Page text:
Quick Quiz from Cody: Guess Which State was the First to Elect a Woman Governor?
Well, now that this round of elections is over I can watch television again. Or at least I don’t have to hit the mute button and go clean something in the other room during commercials.
In the last few weeks, I was reminded of the first woman elected governor in this country and how she did not even campaign. Of course, she was elected governor of the great state of Wyoming.
Nellie Tayloe Ross was born November 29, 1876 in St. Joseph, Missouri, the sixth child and first daughter of James and Blair Tayloe.
Nellie spent her first seven years in St. Joseph until the family moved to Miltonvale, Kansas where she graduated from high school. After graduation, the Tayloes moved to Omaha, Nebraska where she taught piano, attended teachers college and spent four years teaching kindergarten.
In 1890 she met William Bradford Ross, an attorney whom she married in 1892. The Rosses moved to Cheyenne, Wyoming shortly after their marriage where William Ross opened a law practice and became involved with the Democratic Party. Ross ran for various offices but was defeated each time.
In 1922, however, Ross ran for governor of Wyoming and won. His term was cut short when he suffered appendicitis and died October 2, 1924 from complications. The Democratic Party then nominated Ross’s widow, Nellie, to be its candidate in a special election to serve the remainder of the term. On November 4, 1924, Nellie Ross won the election in spite of her refusal to campaign for the office.
Nellie Ross became the first elected female governor in the United States when she was sworn in January 25, 1925.
I love Wyoming history, so I did some research and found out other women were governors before Nellie Ross, but they served for short periods under extenuating circumstances. Carolyn B. Shelton, for example, served as governor of Oregon for one weekend in 1909 when the outgoing governor was elected to the Senate and had to leave for Washington, D.C., before his term was over. The incoming governor was sick and could not assume office early. Soledad Chávez Chacón, secretary of state in New Mexico, assumed the governor’s responsibilities for two weeks in 1924 while the state’s governor attended the Democratic Convention in New York. The lieutenant governor had died earlier in the year.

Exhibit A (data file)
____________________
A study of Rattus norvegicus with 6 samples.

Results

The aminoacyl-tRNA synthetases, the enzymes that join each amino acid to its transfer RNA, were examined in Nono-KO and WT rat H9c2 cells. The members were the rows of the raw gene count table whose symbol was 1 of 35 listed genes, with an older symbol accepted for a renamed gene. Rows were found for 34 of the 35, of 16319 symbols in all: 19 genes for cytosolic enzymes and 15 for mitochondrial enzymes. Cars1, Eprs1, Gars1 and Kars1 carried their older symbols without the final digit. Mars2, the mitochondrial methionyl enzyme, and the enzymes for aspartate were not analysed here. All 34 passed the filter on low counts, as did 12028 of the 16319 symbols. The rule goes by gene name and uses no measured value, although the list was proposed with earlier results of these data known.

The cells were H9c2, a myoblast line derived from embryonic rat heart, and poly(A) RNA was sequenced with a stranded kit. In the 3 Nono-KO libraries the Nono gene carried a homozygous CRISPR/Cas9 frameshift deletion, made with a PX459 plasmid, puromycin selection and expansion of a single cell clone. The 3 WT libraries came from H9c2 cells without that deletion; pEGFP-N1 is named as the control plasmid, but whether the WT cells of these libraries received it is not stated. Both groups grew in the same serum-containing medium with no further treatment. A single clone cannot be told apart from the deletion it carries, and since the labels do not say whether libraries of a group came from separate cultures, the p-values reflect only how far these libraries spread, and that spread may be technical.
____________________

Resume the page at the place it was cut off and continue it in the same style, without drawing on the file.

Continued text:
Nellie Ross ran for reelection in 1926 but was defeated after she again refused to campaign. Ross remained active in politics and even received 31 votes on the first ballot of the 1928 Democratic National Convention to be Al Smith’s vice presidential running mate.
After the convention, she served as vice chairman of the Democratic National Committee and as director of the DNC Women’s Division
In 1933 Ross was appointed by President Franklin D. Roosevelt director of the U.S. Mint. Again, she was the first woman to hold that position. Ross served five full terms until her retirement in 1953.
After she retired, Ross wrote and traveled extensively. She died in Washington, D.C., at the age of 101 and is interred in the family plot in Lakeview Cemetery in Cheyenne.
While I doubt anyone anywhere will refuse to campaign and still get elected to a statewide office, I certainly wish a few would try. At the very least, maybe they need to relax with a long weekend vacation in Wyoming to regain perspective.
Until next week, I am lovin’ life – in a sparkling clean house – in Cody, Wyo.